STEPHEN Thompson has made a last-ditch appeal for clubs to set aside self-interest and vote through league reconstruction at Hampden Park next week.
The Dundee United chairman was speaking on the day his club announced season ticket prices ahead of next season.
Handing United and other clubs a problem as they seek to entice fans to purchase tickets for the 2013-14 campaign is the continued uncertainty that surrounds next season’s league format. The likelihood of the 12-12-18 proposal being voted in ahead of the next campaign was dealt a heavy blow on Monday when St Mirren chairman Stewart Gilmour confirmed he will be voting against the new set-up on Monday, when the Scottish Premier League clubs gather at Hampden.
Due to the 11-1 voting structure currently in place in the SPL, it needs only one other club to join forces with St Mirren for the status quo to be retained. Thompson does not share the popularly-held view that Roy MacGregor, the Ross County chairman, is a definite dissenter, even though MacGregor has voiced concerns about the new structure, after discussions with his own club’s fans.
However, Thompson has appealed to club officials to look beyond their own interests and vote for the overall good of the game in Scotland ahead of Monday’s vote. “If I was thinking solely about Dundee United I wouldn’t vote for this,” he said. “But it’s not just about us and the SPL. This package is the right way forward for everyone. Yes, we know it is not perfect. Indeed, when I met Dundee United fans a few weeks ago, my opening line was: ‘I know it is not perfect, but it is a step in the right direction’.
“Ultimately, it is up to the clubs. We have done all the talking behind the scenes. I think you will find that others will come out this week and state their position, the work behind the scenes has been done. The clubs have to sell it now. They are the ones who will vote on it in the end.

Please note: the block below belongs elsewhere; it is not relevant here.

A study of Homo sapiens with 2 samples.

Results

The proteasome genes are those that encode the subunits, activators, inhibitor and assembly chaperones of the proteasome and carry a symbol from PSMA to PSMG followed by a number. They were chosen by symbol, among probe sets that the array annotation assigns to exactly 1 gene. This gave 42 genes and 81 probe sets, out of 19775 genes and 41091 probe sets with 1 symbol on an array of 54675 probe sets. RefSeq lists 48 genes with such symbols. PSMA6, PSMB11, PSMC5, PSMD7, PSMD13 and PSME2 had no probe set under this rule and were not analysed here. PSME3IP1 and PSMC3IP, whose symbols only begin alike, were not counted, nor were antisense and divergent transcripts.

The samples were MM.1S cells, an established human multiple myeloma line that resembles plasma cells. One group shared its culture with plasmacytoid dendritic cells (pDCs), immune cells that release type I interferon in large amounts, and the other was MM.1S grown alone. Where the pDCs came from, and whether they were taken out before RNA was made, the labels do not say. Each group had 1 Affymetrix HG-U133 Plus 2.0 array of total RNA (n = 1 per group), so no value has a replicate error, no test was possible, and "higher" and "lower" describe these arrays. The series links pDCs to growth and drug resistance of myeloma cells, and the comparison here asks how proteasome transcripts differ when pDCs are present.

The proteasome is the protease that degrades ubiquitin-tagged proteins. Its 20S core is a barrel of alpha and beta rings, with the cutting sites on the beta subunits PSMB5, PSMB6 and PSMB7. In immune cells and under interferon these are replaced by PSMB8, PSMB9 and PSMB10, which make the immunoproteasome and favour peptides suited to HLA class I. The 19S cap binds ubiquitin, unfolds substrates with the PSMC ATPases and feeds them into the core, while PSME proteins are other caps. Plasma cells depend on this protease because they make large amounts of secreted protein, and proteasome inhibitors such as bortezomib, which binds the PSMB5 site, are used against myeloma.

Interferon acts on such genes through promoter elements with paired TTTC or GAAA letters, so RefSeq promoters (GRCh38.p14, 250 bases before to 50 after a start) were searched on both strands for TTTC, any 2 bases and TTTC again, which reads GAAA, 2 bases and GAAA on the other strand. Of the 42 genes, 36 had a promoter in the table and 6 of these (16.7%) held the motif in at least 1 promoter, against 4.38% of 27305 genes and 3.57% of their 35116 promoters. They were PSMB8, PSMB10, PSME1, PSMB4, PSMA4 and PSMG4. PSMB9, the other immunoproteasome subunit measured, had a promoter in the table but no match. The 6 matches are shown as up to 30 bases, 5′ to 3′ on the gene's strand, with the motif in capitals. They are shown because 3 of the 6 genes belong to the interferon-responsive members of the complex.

“At Dundee United, we believe it is the best package we are going to get for a long, long time. I got asked a question today: ‘how do you sell season tickets?’ I am asking fans to support the club they love; and the club they care about. I just think it is a huge missed opportunity if we don’t get it over the line.
“I just ask for self-interest to be put aside,” he added. “It needs a bit of give and take. The biggest hit is taken by whoever ends up in first place; the top clubs are giving up a lot of money and are prepared to let it flush through the whole league.
Thompson is not disappointed in St Mirren’s stance, although he did wonder why their unease about the retention of the 11-1 vote, among other concerns, had not been raised earlier. “I am not prepared to have a go at Stewart in public,” said Thompson, who is also a member of the SPL board. “We get on well and he is entitled to his view.
“But we have spent six months around a table, everyone has been heavily involved. There has been compromise galore. There are things I am not happy with – there are things other clubs are not happy with, but we have to forgo that for the sake of the game.
“The all-through distribution of money is very important. The clubs in the First Division are struggling. How many other clubs are going to go to the wall before we realise finances are up the spout?
“If you get relegated then it’s a disaster financially and we have to address that. The all-through distribution model is a huge thing. It means the money goes right through the leagues.
“The clubs in the First Division will get £350,000 instead of a fraction of that. We need to push money down the leagues for everyone’s benefit, not just what’s good for us as individual clubs. And getting one league body is a step in the right direction. People need to take their club hat off for a minute.”
Thompson has not given up all hope on the proposals surviving at least the SPL vote on Monday. The Scottish Football League meet to vote on the plans later in the same week. He believes Ross County might still surprise many. “Roy [MacGregor] has highlighted his reservations in the past, but he has not come out and said no,” pointed out the United chairman. “I don’t think it is dead in the water.
“I think everyone realises this is a big, big moment for the game,” he added. “There is no plan B. There is no other option. The package has been put together and worked on for many months. It has probably taken two or three years to get to this stage. It is incredible that we even got to the stage where so many clubs were working together.”